This past weekend, I got to experience, first hand, what it will be like to prepare a full trial and then to argue it.
Now, at my job, I currently get the experience of preparing for trials, watching depositions, writing briefs, responding to all types of correspondence and so much more. The thing that I don't get to do, however, is argue a case in front of a judge. In fact, my job makes it seem near impossible to argue the case even after all of the preparation because you just never know what will come out of the client's mouth and you never know what tricks opposing counsel has up his/her sleeve (also, some clients struggle immensely with telling the full truth.) But, I'm going to walk you through my experience:
Preparing for this trial was difficult because we were literally preparing for the unknown. Throughout the semester, we were walked through the various parts of trials during a lecture and then we were given an additional class to demonstrate what we had learned. Each demo-class gave me about as much anxiety as the actual trial did. I have never experienced the physical symptoms of anxiety and fear that I experienced on the days leading up to this trial.
Also, my partner/co-counsel and I are both very shy students with insane stage fright. We do not like talking in front of people! So, to have that anxiety weighing heavily on us on top of being afraid of looking unprepared, let's just say that we had a very unstable couple of weeks leading up to the trial. Luckily for us, we understand each other and although I'm sure I got on his nerves, I am beyond proud of my co-counsel!
We both prepared the ways that we knew how and brought it all together prior to the big day.
By the morning of the trial, I had already accepted the fact that I was going to have to go through with the trial. There was no backing out (I would never do that to my co-counsel), there was no changing my arguments, it was showtime.
Now, it's true what they say, dress for the role you want. But, instead of the traditional women-in-a-suit while entering the courtroom, I went for a more modern day take on it. I wore a pure white dress that had beautiful yellow, orange and green sunflowers at the bottom with a tuxedo blazer from the Tracee Ellis Ross Collection and black and white Nine West heels. The three male attorneys, of course, wore suits ranging from blue to black.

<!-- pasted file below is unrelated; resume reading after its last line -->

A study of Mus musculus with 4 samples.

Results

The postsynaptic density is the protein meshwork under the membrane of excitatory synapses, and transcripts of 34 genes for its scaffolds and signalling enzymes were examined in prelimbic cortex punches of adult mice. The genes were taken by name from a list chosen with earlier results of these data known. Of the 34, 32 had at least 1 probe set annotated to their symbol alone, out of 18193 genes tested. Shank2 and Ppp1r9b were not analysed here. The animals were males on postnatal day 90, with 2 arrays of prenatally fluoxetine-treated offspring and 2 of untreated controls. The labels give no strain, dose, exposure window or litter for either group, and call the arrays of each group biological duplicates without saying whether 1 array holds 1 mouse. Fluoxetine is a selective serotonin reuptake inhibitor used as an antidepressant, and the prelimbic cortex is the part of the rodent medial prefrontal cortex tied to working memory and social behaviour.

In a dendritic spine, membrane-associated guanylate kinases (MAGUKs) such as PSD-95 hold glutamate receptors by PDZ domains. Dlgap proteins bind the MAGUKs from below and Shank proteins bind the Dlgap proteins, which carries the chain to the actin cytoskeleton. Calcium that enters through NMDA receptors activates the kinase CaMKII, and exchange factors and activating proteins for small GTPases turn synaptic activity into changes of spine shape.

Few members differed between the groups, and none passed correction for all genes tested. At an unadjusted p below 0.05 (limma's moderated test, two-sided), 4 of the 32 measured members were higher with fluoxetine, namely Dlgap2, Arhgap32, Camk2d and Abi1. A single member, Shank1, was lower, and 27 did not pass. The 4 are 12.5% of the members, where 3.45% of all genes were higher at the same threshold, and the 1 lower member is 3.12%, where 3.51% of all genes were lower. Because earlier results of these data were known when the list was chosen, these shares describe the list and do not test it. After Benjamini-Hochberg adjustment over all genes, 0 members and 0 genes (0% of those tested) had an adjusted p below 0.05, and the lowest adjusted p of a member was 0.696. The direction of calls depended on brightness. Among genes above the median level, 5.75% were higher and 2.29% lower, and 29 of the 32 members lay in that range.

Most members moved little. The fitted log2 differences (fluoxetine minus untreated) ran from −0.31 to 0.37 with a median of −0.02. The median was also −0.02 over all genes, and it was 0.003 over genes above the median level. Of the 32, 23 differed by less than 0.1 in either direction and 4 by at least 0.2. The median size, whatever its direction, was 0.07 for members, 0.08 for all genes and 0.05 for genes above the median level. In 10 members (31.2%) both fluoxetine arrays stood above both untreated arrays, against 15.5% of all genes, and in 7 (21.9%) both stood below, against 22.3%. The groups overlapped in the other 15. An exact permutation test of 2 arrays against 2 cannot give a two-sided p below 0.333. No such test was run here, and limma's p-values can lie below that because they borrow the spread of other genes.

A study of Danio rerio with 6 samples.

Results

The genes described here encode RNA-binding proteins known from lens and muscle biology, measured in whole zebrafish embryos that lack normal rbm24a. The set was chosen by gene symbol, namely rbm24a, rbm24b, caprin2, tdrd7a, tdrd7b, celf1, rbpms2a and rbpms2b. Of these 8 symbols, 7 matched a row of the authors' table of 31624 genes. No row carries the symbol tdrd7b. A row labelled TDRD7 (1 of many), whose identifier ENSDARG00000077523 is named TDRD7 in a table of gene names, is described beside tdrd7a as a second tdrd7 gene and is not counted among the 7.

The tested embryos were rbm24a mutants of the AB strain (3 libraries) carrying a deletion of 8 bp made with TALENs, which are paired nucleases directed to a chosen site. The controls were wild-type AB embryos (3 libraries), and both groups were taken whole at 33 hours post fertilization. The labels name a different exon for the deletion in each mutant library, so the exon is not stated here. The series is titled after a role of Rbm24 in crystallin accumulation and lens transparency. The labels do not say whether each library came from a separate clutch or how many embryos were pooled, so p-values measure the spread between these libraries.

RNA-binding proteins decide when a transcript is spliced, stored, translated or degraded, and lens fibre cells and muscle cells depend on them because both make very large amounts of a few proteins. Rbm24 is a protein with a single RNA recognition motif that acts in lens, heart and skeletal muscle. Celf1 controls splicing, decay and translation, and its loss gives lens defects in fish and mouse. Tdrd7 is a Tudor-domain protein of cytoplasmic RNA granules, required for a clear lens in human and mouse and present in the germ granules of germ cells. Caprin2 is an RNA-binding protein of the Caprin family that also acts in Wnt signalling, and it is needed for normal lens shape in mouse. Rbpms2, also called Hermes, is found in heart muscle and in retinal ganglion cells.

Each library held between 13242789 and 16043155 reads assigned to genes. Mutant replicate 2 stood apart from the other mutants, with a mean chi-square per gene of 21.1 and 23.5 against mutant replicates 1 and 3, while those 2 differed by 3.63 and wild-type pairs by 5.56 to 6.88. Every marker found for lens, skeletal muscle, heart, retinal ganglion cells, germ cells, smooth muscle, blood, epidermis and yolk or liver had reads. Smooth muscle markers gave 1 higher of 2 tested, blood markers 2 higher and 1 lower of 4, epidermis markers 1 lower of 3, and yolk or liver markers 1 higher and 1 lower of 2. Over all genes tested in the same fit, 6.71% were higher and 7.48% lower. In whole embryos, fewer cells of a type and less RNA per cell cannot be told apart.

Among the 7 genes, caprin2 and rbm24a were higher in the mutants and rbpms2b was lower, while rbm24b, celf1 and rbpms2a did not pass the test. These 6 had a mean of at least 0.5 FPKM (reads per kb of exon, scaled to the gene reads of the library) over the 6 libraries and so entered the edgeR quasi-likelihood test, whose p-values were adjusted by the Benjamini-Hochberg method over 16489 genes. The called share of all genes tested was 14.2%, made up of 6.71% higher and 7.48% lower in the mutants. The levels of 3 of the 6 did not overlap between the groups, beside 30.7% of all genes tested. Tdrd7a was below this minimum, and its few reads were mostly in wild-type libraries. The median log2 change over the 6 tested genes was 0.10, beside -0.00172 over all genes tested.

I think the worst seconds, minutes, and hours of the trial were the ones immediately before we retired to the judges chambers to argue our pre-trial motions. The unknown. The unexpected. The unwanted.
Once we got past the motions, we were introduced to the jury and then began our voir dire. I'll fast forward through all of the specifics and say that: opening statements came after the jury selection, we (prosecution) then gave our case-in-chief and then defense gave theirs, there were closing arguments and then the jury retired to deliberate. However, due to unfortunate events of the day, the jury was not able to deliberate long enough to reach a verdict, but the judge did offer us feedback.
Overall, the trial experience was not as bad as I thought it would be. Yes, it could get confusing or bogged down with what seem like outlandish arguments, but you become very invested because it is still your job to put on your case. Although you are arguing for fake or imaginative clients, you still want justice for them. In reading the facts over and over, you begin to picture the parties involved, the scenes that will be discussed, and you want to win because you've now seen these things. It was definitely a great experience.
There's nothing like celebrating being done with something that you and your fellow classmates found difficult or uncomfortable.
Entering the world of law introduces you to some very interesting people that you (maybe) wouldn't have gotten the opportunity to meet before. We all enter one way and then slowly become these law-obsessed weirdos with dark senses of humor, so just imagine what our celebration looks like!
We literally sat at a bar at 4 p.m. and talked about law for hours and it was FUN! After that, we'd decided that we would go home, shower and change to go out once again. By that point I was quickly reminded that we're all old weird nerds and staying up past 8 p.m. is hard. I didn't even make it out because, by about 8:30 p.m., I was knocked out on the couch.
So, I guess law students celebrate big things by getting the rest that they missed out on leading up to the big day(s)!
Overall, the experience was invaluable.